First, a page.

One of the hallmarks of Apple since Steve Jobs returned in 1997 has been the company’s almost laser like focus on product secrecy. Whereas most companies routinely hold press conferences as a means to hype up a new product that won’t hit stores for another 6 months, Apple not only keeps its product details under lock and key, it also won’t hesitate to initiate legal action against websites that reveal undisclosed information.
Steve Jobs is a master showman, and it’s easy to see how keeping Apple’s upcoming products veiled in secrecy helps adds an intangible aura of excitement and fascination to a product when finally introduced. The iPhone, for example, blew people away not only because of what it was capable of, but also because many of its features came a complete surprise to even the most well-informed of Apple bloggers. Also, revealing upcoming products that are still under development is a risky proposition as a lot can change between the time of an announcement and the expected ship date. As an example, look no further than the last minute technical glitches that affected the planned camera in the Pod Touch. Essentially, keeping product details from the public eye not only ramps up excitement, but also serves to prevent disappointment when consumer expectations inevitably spiral out of control
With that said, a 2003 book chronicling the development of the Segway provides some fascinating insight into Jobs’ mindset when it comes to introducing a product to the public for the very first time. The book, titled Code Name Ginger: The Story Behind Segway and Dean Kamen’s Quest to Invent a New World, details a 2001 meeting between Segway CEO Tim Adams, Segway inventor Dean Kamen, Amazon CEO Jeff Bezos, and of course, Apple CEO Steve Jobs.
After lambasting the Segway for what Jobs described as having an un-innovative and inelegant design, the topic of conversation soon shifted towards the best way to introduce the functionally impressive new product to the public in light of expected resistance from the auto industry.
Bezos suggested starting slow, using one city or country as an experimental station. Once Ginger’s [Segway’s] benefits were clear, the company would have a wedge to pound into U.S. regulations. The perfect place to begin, thought Bezos, was Singapore. “You only have to convince one guy, the philosopher king, and then you have four million people to test it.”
… But Jobs was still shaking his head at Bezos’s suggestion. Because of the Internet, he said, slow was no longer possible. People would learn about Ginger in a flash of bits and bytes, and would want one now. So a small launch in a foreign place was foolish, because if the machine was unavailable in the United States, the company would blow its chance for $100 million of free publicity in its biggest market.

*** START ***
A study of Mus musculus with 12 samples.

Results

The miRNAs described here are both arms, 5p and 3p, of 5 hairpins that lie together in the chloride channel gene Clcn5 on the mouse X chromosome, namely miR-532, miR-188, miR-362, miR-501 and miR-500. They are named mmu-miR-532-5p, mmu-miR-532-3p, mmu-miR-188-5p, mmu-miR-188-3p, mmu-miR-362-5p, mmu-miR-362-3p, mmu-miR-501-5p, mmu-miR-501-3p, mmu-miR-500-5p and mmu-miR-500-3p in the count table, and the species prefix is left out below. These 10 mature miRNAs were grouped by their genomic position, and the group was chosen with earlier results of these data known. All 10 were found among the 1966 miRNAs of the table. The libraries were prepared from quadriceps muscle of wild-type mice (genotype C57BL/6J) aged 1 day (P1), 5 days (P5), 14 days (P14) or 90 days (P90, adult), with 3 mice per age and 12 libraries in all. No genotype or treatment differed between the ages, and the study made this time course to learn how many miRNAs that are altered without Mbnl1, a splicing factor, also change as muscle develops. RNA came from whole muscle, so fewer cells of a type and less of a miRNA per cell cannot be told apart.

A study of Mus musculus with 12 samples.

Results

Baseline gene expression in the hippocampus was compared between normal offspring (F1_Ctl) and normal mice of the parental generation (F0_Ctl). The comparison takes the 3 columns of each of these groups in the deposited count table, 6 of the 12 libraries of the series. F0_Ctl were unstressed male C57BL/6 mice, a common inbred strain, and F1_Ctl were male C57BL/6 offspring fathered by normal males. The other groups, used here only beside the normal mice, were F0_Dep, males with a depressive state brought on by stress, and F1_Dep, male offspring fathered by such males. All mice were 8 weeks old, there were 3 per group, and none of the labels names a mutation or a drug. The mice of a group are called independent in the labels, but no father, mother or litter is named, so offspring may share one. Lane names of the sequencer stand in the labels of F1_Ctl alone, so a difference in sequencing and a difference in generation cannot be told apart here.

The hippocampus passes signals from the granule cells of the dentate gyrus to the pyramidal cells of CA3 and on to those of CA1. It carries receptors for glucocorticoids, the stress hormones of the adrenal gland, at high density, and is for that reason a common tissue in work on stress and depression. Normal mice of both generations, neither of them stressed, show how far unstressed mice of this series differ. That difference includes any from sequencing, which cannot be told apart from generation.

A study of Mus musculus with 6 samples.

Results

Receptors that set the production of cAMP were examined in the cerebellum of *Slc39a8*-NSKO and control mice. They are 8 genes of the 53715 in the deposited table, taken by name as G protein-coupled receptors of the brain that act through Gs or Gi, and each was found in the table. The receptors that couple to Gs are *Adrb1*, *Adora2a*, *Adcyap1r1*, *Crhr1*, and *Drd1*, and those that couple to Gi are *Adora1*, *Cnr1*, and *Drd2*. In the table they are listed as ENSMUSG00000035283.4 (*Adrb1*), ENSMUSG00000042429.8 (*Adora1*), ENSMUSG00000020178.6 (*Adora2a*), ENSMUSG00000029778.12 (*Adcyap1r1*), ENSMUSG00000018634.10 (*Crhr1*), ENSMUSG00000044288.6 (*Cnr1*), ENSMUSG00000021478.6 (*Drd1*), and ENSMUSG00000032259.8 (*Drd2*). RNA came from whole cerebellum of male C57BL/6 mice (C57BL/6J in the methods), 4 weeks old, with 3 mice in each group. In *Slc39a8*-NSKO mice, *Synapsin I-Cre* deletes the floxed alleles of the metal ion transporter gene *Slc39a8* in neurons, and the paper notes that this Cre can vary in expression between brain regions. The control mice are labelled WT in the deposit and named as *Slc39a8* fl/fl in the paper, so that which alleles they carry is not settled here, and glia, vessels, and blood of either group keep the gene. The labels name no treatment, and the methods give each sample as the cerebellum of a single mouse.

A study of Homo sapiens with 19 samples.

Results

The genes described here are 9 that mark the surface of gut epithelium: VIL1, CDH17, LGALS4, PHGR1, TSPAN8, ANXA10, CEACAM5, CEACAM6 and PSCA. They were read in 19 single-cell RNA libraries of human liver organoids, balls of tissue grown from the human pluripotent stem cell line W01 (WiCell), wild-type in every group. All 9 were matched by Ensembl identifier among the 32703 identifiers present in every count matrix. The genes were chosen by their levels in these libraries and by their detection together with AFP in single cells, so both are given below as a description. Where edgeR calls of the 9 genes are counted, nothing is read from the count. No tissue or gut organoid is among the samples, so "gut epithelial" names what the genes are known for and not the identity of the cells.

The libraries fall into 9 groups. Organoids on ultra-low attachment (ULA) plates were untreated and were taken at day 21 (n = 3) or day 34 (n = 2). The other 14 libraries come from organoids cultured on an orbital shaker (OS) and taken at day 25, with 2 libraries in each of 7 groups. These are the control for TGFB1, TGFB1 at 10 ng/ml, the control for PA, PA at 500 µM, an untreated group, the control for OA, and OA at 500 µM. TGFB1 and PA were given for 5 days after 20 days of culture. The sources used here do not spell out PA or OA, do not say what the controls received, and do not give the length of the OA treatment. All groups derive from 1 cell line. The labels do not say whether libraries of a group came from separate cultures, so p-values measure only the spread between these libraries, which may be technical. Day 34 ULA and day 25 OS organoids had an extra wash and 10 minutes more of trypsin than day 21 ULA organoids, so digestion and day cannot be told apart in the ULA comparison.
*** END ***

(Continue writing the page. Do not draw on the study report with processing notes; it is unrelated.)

“If you show this to Hennessy,” Jobs said to Doerr, referring to John L. Hennessy, president of Stanford University and a world-class engineer, “he’ll shit in his pants.” Evidently Hennessy did that more readily than Jobs did. “And if you offer to give him a hundred of them if he’ll run a safety study and a usage study, that’s a done deal in ten minutes,” continued Jobs. “You do that at ten colleges and maybe at Disney, so people can see them but not buy them.”
But he warned that even this sort of slow launch was filled with dangers. If one stupid kid at Stanford hurt himself using a Ginger and then announced online that the machine sucked, the company was sunk, because there was no way to control that or counter it if people couldn’t ride one for themselves. With a big fast launch, on the other hand, a few malcontents wouldn’t be heard above the general hoopla. “I understand the appeal of a slow burn,” he concluded, “but personally I’m a big-bang guy.“
The above passage highlights Jobs’ understanding that creating demand for a product not yet on out on the market brings more bad than good. While this may seem like an obvious precept, it’s a concept that most large tech companies still haven’t grasped. Just take a look at all the promises we’ve heard about how great the next version of Windows Mobile will be, and more recently, Michael Arrington’s ridiculous attempt to create a $200 “crunchpad” tablet. For Jobs, though, it’s all about the “big-bang” and the big reveal that evokes gasps of astonishment and awe from an audience of eager onlookers staring in amazement at a product they had never before contemplated.
Product secrecy is obviously not ideal for your everyday Apple fan. After all, the Apple blogosphere goes into a tizzy everytime an “informed source” drops the tiniest piece of information about Apple’s rumored tablet. And in the end, this self-perpetuating hype only serves to generate more interest for a product that potentially may never see the light of day. That’s a type of marketing buzz that you simply can’t buy, and something Jobs has understood for years.